Dean Blunt — The Redeemer Review

I’ve been obsessed with this artist for years, and I still don’t even know how to begin talking about this album. On the surface it seems like a bizarre, sample heavy quasi-r&b album with some bizarre, awkward country influenced vocals, but on closer inspection the album reveals that it works on so many more levels than what’s immediately apparent. The lush, emotional, expressive string intro immediately gives way to sterile, synthetic stock string section samples, and recognizing this juxtaposition is key to seeing through the outsider pop fake out veneer that encompasses the album and hints towards the darker aspects of the album boiling just under the surface.

Lyrically, the album suggests that the protagonist, initially introduced as a simple heartbroken, sentimental character is more dangerous than he presents himself as, an idea reinforced by the multiple voicemail interludes that imply he may be exhibiting stalker-like behaviors, enough to the point where the object of his desire that most of the songs seem to be about has to ask him to leave her alone. By the midpoint of the album, it’s clear that something is very off, the setting the first act of the album established is unraveling. Songs become more and more abstract, relying heavily on looped samples of harps, choirs, oceans, all while Blunt warbles and bemoans his failed relationship, simultaneously expressing vulnerability and reinforcing destructive thought patterns and behaviors that invariably led to the dissolution of the relationship that serves as the focal point for the album.

At this juncture, I think it’s important to mention the samples Blunt uses, and how he uses them. Blunt pulls samples from sources like Kate Bush, Pink Floyd, Puff Daddy, K-Ci & Jojo, and generally inserts them relatively dryly into his own songs, effectively constructing a collage of pop detritus that exceeds the sum of its parts. The presentation of these samples completely warps their emotional resonance, the most clear example being the solo piano ballad Brutal, constructed entirely based on an interpolation of the first few seconds of The Roof by Mariah Carey, turning a few seconds of throwaway piano chords into a shockingly moving and expressive piano improvisation.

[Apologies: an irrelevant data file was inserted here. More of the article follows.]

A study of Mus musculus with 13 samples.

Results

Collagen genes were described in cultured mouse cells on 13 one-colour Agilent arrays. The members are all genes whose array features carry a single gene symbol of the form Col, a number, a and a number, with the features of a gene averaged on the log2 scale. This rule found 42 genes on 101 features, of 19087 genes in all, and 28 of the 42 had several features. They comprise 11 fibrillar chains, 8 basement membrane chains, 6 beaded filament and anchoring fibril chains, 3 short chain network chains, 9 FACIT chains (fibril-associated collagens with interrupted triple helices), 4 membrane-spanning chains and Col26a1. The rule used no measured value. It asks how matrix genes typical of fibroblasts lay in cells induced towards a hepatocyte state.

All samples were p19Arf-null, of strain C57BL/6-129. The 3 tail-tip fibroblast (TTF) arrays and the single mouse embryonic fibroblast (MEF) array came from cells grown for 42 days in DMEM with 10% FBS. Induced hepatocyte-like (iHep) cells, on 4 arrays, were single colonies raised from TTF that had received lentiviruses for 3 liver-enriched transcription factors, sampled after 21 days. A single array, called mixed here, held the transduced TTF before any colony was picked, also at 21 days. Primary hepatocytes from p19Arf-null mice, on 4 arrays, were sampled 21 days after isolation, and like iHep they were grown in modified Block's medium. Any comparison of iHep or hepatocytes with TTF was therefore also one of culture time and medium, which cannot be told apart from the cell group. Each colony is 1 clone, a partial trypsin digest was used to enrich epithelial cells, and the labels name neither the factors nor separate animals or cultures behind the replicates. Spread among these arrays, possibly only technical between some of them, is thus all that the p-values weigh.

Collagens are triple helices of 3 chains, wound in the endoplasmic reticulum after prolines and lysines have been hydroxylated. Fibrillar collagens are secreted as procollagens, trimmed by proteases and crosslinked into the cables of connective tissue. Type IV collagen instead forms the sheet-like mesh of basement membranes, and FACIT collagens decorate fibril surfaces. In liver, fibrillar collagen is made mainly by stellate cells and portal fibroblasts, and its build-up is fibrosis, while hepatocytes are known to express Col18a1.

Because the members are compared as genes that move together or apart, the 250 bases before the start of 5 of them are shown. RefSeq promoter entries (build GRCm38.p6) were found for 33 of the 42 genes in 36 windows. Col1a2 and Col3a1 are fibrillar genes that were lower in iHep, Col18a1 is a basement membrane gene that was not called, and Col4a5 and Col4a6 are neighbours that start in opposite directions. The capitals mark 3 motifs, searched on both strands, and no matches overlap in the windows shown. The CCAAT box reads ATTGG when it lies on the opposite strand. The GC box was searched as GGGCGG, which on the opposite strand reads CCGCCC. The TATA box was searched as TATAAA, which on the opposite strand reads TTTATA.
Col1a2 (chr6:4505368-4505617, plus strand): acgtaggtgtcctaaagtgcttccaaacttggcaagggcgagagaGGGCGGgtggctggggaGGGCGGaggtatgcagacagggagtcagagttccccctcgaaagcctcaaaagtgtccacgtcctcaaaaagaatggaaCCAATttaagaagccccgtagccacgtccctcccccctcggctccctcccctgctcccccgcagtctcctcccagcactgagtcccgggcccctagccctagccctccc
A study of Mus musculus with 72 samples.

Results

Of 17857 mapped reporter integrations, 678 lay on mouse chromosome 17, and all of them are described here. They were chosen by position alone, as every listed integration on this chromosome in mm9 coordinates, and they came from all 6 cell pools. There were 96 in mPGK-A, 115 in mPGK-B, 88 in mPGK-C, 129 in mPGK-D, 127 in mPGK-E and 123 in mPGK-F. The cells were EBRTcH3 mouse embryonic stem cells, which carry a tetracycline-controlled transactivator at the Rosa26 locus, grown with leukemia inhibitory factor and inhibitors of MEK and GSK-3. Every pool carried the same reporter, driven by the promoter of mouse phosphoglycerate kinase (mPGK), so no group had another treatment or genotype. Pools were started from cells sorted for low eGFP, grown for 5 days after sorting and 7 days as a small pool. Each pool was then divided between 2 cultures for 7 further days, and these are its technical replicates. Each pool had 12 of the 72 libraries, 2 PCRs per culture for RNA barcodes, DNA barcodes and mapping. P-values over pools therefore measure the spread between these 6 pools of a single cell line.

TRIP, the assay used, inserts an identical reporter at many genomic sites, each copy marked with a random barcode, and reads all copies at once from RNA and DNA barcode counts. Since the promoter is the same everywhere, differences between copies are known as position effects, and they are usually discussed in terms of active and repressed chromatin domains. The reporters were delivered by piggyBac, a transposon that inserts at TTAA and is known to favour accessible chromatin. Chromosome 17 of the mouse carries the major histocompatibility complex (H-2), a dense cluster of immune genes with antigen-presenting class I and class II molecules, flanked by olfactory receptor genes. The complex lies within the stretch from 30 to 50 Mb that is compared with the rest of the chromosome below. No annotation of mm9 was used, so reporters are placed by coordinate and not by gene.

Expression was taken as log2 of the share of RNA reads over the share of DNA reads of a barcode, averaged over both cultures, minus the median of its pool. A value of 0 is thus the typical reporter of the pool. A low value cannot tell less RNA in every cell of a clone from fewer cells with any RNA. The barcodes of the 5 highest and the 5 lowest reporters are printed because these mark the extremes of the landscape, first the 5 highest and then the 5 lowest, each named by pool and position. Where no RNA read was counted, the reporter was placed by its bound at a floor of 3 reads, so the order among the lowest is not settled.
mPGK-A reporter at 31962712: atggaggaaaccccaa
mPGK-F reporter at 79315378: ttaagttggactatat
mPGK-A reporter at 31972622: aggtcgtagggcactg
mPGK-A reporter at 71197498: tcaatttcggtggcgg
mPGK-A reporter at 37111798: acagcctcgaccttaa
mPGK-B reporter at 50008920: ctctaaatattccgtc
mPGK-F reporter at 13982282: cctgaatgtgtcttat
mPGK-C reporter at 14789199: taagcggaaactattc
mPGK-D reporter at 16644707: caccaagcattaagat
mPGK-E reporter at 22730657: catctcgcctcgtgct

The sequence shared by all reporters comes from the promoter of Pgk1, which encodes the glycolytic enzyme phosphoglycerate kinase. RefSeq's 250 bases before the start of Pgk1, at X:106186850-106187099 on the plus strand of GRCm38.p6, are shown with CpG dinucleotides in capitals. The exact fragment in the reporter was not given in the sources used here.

One last thing I would feel amiss to not mention is the track Imperial Gold, a beautiful acoustic guitar ballad that comes from far out of left field and stays floating in a ephemeral space outside the aesthetic of the rest of the album until at the last minute, when Blunt’s vocals are layered over Joanne Robertson’s and bring the track back down to the atmosphere of paranoia, subtle anger, and danger that the rest of the album so carefully cultivated.

Never in my life have I listened to an album where an artist has been brave enough to release an album that’s as much of a fake out as this, especially one that successfully leans into the charade as much as this does. Though the presentation seems about as earnest as it could be, and on just the most surface level the album works as an off-kilter r&b album, the more sinister undertones are unmistakably present the entire way through. If it wasn’t already apparent, Blunt is by far one of my favorite living artists, and it all started with the perplexing, fascinating tour de force of misdirection and emotional manipulation that is The Redeemer. I hope at least someone out there sees this essay and decides to give it a shot just by virtue of the fact I was willing to ramble about it for so long.

ADDENDUM: I realized after the fact that all I’ve done so far is describe how dark and strange the album is, but not what makes those aspects so interesting. Ultimately, I think The Redeemer, and by extension a lot of Blunt’s work proceeding and following this album, functions as a critique of masculinity by way of portraying things such as obsession, manipulation, and dominance by emphasizing how these traits are commonly depicted as love in pop music.

Specifically with The Redeemer, Blunt also wrestles with the concept of forgiveness and redemption, purposefully evoking Christian aesthetics and symbols with track titles such as “Walls of Jericho” and “Seven Seals of Affirmation”. In an interview, Blunt once stated that “redemption is the narcissist’s last stand”, eluding to an earlier project, The Narcissist II, which depicts the emotional fallout surrounding an intense and graphic domestic dispute. Going off this, The Redeemer can be seen as a thematic continuation of a narrative established by The Narcissist II.

It would also feel disingenuous to not mention that some interviews surrounding the release of the album suggest that the feelings of heartbreak evoked by the album were genuine on the part of Blunt himself, an aspect that I think adds a lot of emotional weight and authenticity to the project, while still functioning as an analysis of the destructive ways those genuine emotions can manifest as toxic behaviors in men.